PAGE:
27 December 2019

The Oxford and Cambridge Schools of British Fantasy

From Slate’s interview with Maria Sachiko Cecire, professor at Bard and author of Re-Enchanted: The Rise of Children’s Fantasy Literature in the Twentieth Century:
J.R.R. Tolkien and C.S. Lewis, of course, as many people know, were friends and colleagues, but they were actually working to reform the English curriculum at Oxford, in addition to writing their own fantasy.

They were the architects of this curriculum, which went into effect in 1931. And they really had an enormous role to play in the kinds of questions that were set in examinations, the texts that were required for undergrads to read; then this had this kind of huge knock-on effect in terms of what people were studying for the next nearly 40 years at Oxford. There’s still some vestiges of that curriculum in the Oxford education today. Then the younger authors I was looking at were Susan Cooper, Kevin Crossley-Holland, Diana Wynne Jones, and Philip Pullman. They all studied this curriculum and got their degrees between 1956 and 1968.

This curriculum at Oxford was really heavy on medieval literature, just at the moment when most other universities were going in the direction of modernism and the kinds of writing that we now associate with literary fiction in the 20th and 21st centuries. At Oxford they were doubling down on medieval literature and also looking at it not just as examples for linguistic analysis—which was how it had been primarily studied in the 19th century under philology—but really looking at it as literature. Really seriously asking students to meditate on both the English medieval past and also this idea of magic and enchantment. . . .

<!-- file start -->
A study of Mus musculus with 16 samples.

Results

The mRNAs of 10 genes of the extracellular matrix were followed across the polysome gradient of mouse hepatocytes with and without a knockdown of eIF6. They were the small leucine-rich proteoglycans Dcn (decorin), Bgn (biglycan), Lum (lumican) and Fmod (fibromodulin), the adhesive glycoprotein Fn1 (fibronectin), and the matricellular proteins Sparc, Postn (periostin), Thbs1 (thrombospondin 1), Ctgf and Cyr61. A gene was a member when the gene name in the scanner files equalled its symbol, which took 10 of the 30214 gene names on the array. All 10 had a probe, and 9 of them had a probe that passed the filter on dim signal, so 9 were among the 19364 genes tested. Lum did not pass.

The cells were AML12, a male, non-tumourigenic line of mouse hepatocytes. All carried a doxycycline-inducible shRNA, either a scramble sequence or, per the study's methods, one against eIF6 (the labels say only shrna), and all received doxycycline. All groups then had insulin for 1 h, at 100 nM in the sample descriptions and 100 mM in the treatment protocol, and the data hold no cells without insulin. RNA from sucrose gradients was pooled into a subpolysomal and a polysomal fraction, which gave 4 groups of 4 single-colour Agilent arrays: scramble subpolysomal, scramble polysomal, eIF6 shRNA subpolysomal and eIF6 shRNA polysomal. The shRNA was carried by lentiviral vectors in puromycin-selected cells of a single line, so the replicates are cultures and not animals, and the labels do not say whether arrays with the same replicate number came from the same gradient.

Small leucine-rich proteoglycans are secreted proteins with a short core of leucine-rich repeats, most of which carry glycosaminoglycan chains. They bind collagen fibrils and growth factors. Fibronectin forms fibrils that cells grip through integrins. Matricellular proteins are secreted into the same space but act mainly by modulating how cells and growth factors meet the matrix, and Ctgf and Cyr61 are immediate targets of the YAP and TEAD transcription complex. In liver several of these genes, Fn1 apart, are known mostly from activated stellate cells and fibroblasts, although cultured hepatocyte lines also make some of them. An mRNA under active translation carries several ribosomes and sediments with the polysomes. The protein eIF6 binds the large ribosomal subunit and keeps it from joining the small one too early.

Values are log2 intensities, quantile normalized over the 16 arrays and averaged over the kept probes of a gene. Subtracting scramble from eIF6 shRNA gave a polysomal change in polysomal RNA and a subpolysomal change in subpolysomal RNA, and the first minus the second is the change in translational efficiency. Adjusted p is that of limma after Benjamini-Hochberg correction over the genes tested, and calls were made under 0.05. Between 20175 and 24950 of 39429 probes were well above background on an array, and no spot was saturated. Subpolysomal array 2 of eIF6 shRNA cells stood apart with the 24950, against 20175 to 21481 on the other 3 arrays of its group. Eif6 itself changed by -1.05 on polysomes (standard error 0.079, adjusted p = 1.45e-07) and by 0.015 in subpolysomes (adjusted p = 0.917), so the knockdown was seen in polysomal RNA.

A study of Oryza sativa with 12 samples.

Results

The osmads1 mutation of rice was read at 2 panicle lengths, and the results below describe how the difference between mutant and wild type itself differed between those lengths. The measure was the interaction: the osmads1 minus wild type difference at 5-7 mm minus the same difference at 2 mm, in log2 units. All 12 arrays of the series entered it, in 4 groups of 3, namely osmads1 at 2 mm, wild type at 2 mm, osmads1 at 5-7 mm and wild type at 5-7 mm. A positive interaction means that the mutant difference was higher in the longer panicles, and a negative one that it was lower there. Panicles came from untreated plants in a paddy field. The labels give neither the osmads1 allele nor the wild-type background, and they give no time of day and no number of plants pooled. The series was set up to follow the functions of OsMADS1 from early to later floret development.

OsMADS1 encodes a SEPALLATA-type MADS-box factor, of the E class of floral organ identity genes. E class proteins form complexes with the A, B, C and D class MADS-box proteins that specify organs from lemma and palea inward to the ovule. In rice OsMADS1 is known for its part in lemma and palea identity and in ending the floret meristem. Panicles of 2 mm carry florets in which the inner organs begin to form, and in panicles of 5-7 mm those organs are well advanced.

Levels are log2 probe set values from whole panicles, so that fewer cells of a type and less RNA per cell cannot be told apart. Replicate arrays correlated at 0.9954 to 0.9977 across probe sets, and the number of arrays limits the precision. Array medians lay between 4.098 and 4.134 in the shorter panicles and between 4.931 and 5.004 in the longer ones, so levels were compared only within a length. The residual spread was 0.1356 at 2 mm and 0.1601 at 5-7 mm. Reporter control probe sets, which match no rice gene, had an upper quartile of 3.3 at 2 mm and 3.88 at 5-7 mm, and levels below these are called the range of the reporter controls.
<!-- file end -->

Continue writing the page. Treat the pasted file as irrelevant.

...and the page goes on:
And for comparison’s sake, I also went to the archive at a few other universities, including Cambridge, which went in a really different direction from Oxford in the ’20s and ’30s—much more intentionally towards modernism, towards more contemporary texts, and cutting out medieval requirements for their undergraduate English degree.

And interestingly, Cambridge didn’t really have the same legacy of children’s fantasy writers. T.H. White was at Cambridge at a really interesting time, when there was still a medieval requirement, but right as they were ending it. If you compare his The Once and Future King to, say, The Lord of the Rings, they’re so different in the way they talk about the Middle Ages, with a different level of reverence. There’s anachronism in White’s writing, and pretty profound critiques of the warlike nature of the Middle Ages and of a lot of the nostalgia for that period. Whereas Tolkien and his students tend to be a lot more reverent of that material.
See previous discussions of Tolkien as a teacher of future fantasy writers in 2010 and 2011.